Are you growing swiss chard in Vermont, but don’t know when the best time to harvest them is?
Harvesting swiss chard is not as easy as it seems.
- Swiss Chard have a very short window when they can be harvested and still taste great.
So if you harvest them too early they may not be ready and taste bad. And if you harvest them too late they may become infected with mold, fungus, insects, etc., and become inedible.
Today, I’m going to teach you the ideal time to harvest swiss chard in Vermont:
- To Learn More About HOW to Grow Swiss Chard, Check Out This GUIDE!
When Do I Harvest Swiss Chard in Vermont?
As you may have already guessed, there are two main factors that determine when you should harvest your swiss chard: the physical features of the swiss chard & weather (time).
Harvest Swiss Chard if They Look Like This!!!
The physical features of swiss chard are what most gardeners commonly rely on to determine if they are ready to be picked off the plant or not.
In general, you should harvest swiss chard if they have the following physical features:
- The entire swiss chard is a solid red color. If the swiss chard is a lighter shade of red, it is not ready to be harvested
- The swiss chard is slightly soft. Too hard means it is not ready. Too soft means it is overripe (but still edible)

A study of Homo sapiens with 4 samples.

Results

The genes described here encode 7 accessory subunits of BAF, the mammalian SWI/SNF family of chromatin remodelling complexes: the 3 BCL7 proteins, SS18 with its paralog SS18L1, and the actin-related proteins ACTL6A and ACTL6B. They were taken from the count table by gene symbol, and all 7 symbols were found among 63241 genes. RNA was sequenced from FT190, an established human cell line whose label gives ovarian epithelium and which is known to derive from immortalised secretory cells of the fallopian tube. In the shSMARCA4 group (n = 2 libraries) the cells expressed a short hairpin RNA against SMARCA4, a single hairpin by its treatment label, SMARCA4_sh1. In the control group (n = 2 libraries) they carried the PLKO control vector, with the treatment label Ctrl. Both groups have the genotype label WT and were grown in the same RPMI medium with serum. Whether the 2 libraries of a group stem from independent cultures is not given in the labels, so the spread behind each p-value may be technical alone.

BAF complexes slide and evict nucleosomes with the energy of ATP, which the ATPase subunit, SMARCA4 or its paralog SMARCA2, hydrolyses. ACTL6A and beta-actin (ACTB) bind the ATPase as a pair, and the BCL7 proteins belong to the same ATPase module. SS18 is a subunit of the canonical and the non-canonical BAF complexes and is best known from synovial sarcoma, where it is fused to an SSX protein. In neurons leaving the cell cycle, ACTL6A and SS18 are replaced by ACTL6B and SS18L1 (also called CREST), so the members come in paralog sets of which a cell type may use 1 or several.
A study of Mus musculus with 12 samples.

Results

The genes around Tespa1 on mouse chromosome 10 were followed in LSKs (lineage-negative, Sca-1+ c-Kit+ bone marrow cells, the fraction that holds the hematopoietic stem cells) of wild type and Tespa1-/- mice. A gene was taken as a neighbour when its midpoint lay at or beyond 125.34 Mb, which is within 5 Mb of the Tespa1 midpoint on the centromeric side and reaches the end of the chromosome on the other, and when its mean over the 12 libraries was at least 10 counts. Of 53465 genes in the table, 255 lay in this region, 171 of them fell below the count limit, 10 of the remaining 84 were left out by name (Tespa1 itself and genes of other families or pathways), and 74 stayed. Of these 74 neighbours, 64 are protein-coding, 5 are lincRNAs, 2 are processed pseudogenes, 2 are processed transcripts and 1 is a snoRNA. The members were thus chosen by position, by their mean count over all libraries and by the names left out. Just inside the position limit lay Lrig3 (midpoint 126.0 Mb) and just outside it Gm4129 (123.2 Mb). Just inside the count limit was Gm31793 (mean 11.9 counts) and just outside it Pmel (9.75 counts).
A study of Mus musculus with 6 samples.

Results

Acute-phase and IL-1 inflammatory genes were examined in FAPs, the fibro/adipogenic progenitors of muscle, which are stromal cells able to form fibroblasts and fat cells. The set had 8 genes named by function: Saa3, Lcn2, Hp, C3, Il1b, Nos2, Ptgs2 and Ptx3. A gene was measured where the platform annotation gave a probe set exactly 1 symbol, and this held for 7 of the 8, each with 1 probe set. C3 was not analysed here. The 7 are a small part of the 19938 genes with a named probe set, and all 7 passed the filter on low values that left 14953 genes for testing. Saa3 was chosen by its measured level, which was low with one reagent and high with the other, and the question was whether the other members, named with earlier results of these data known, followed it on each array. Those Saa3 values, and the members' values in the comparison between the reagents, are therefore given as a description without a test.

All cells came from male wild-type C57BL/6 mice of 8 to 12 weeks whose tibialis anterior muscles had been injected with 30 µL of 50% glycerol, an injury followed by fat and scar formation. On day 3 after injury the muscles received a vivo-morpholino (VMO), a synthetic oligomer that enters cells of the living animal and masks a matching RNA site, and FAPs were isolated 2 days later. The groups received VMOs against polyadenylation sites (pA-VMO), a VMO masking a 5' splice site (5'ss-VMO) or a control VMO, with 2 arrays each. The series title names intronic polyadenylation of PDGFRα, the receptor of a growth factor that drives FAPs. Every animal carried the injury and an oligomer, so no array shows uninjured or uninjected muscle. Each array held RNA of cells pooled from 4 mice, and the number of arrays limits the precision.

- Easily able to be deattached from the the plant. This means it has absorbed all the nutrients it needs and is ready.
Harvest Your Swiss Chard During THIS Time of Year!!!
In general, you should harvest swiss chard:
- 65 to 85 days after starting swiss chard from seed
- 40 to 50 days after planting swiss chard in your garden
- 20 to 30 days after swiss chard first appear
And no matter what, you should ALWAYS harvest your swiss chard before the first frost of the year. Frost will immediately kill your swiss chard plant and make your swiss chard inedible.
For your reference, I have created this table for average frost dates for most major cities in Vermont. If your city is not listed below you can find its Last & First Frost Dates HERE.
Vermont Last & First Frost Dates
It should be noted that you should not overly rely on the first frost of the year. The average first frost of the year is only correct 30% of the time.
Instead, pay close attention to your local weather.
When you know a frost is coming you need to take action.
- If swiss chard are in pots, bring them inside
- If swiss chard are in the ground, cover them in burlap and hope they survive
- Pick all swiss chard. If they are not ready, place them in a brown paper bag and store them for approximately 1 to 2 weeks to see if they become edible.
If you want to learn WHEN to harvest ANY Vegetable in Vermont, head over to HERE and just type in the vegetable you want to grow.